Richardson: Drink outside the box

I recently checked out an upscale yoga studio here in Madison, Wisconsin and discovered a new and disturbing trend: boxed water.

Boxed water?

OK, I’ve heard of boxed wine — and maybe even drunk a little. But water?



The yoga studio in question appeals to a young, wealthy, presumably eco-conscious demographic. As the skinny, beautiful clients file into the heated room with their yoga mats, they pass a refrigerator case of boxed water and a sign proclaiming its environmental benefits.

These supposed benefits come from packaging water in a box instead of a plastic bottle. Plastic is bad for the planet, after all, and milk carton-style boxes don’t have the BPA and other estrogenic chemicals that you can ingest by drinking plastic-stored liquids.

I don’t know which genius figured that the best way to fix the problems of bottled water is to package it in boxes. But I’ve got an even better idea: drink tap water in reusable water bottles.

You could even get extravagant and filter the tap water before drinking it.

Think all the way back to, I don’t know, 1985.

Back then, the only bottled water readily available was that Perrier stuff. Nobody I knew drank it. We weren’t poor, but throwing money away on fancy French water seemed ridiculous when water came out of the tap for free.

By Jill Richardson OtherWords columnist

By Jill Richardson
OtherWords columnist

I’d have been taking an aerobics class instead of yoga, no doubt. Complete with sweatbands and leg warmers. And if anyone wanted to drink water during the class, they’d either bring a reusable water bottle from home or just drink from the drinking fountain.

Bringing your own bottle takes a little bit of extra planning, and an initial investment — I’m attached to my stainless steel Klean Kanteen — but after that it’s free.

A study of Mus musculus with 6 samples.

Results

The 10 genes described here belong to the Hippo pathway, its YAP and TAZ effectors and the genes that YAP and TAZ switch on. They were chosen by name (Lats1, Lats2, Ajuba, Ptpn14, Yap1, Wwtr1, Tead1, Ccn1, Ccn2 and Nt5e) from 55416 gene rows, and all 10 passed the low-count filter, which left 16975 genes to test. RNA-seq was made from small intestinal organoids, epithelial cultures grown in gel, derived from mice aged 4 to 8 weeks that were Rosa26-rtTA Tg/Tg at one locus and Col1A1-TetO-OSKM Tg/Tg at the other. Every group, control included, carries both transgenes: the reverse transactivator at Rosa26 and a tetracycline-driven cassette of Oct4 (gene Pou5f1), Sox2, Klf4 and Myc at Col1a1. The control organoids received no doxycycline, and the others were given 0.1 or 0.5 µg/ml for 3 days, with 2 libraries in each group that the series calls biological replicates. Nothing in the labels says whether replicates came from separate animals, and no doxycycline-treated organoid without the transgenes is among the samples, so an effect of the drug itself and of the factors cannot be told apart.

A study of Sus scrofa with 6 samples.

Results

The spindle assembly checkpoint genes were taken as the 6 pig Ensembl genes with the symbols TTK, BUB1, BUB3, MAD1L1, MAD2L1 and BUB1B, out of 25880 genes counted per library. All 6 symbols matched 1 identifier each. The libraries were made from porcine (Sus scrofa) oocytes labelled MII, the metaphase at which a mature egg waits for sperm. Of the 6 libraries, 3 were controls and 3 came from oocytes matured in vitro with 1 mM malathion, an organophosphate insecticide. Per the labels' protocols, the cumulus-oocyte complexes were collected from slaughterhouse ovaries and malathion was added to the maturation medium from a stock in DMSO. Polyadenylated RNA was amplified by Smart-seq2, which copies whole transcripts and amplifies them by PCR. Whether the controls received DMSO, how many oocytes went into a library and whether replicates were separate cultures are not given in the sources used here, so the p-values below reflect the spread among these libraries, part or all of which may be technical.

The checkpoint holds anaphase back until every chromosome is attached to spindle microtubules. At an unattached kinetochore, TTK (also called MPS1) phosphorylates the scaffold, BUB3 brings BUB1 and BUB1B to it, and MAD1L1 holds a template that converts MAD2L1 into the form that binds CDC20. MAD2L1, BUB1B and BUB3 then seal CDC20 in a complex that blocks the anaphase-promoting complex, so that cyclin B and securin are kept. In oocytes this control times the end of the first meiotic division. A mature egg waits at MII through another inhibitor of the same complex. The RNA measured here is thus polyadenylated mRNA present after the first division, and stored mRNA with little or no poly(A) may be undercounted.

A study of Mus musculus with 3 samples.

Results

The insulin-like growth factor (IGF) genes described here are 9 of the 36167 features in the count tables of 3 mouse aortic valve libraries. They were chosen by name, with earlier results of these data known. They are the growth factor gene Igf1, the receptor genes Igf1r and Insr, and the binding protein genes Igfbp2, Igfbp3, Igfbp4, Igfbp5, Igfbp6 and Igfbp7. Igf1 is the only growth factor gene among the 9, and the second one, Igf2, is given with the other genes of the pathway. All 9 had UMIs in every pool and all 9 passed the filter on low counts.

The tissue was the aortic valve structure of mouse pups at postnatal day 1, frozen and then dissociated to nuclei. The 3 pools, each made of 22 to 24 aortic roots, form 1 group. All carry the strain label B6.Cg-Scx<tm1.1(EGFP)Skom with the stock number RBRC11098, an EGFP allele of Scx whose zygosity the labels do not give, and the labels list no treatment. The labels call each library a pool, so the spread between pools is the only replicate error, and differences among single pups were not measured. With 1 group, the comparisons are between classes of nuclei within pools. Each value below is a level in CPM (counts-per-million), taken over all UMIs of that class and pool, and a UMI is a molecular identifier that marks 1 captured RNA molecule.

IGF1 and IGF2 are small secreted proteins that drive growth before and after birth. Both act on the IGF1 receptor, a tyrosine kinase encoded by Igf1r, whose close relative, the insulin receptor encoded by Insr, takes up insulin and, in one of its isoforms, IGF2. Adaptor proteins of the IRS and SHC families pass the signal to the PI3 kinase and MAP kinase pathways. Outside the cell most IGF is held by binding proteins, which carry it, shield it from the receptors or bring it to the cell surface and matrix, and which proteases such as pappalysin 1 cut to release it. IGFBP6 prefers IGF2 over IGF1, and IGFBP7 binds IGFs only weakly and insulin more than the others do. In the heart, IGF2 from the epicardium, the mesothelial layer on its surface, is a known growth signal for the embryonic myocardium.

Using the drinking fountain requires no planning and costs nothing. It might involve the extra “hassle” of lining up for a drink.

Are these drawbacks so insurmountable that the only way we can imagine ditching bottled water is by consuming it out of disposable boxes that wind up in landfills?

There’s one other problem with bottled water that has nothing at all to do with the bottle. It has to do with the water.

Do you have any idea where the water in bottled water comes from?

Some brands, like Starbucks’ Ethos, bottle up California’s dwindling water supply and sell it around the country at a profit. Arrowhead, Crystal Geyser, Dasani, and Aquafina all source water from California, too.

Drought-stricken California loses its water, and the American public pays for something it should get for free out of the tap. That’s a pretty bad deal for everyone except the bottled water companies.

It’s especially galling when you consider that nearly half of all the bottled stuff is just filtered tap water, anyway.

So, yuppies at the yoga studio — and everyone else — there is a way to reduce your bottled water environmental footprint. It’s by swapping out the water, not the container. Please drink outside the box.

OtherWords columnist Jill Richardson is the author of Recipe for America: Why Our Food System Is Broken and What We Can Do to Fix It.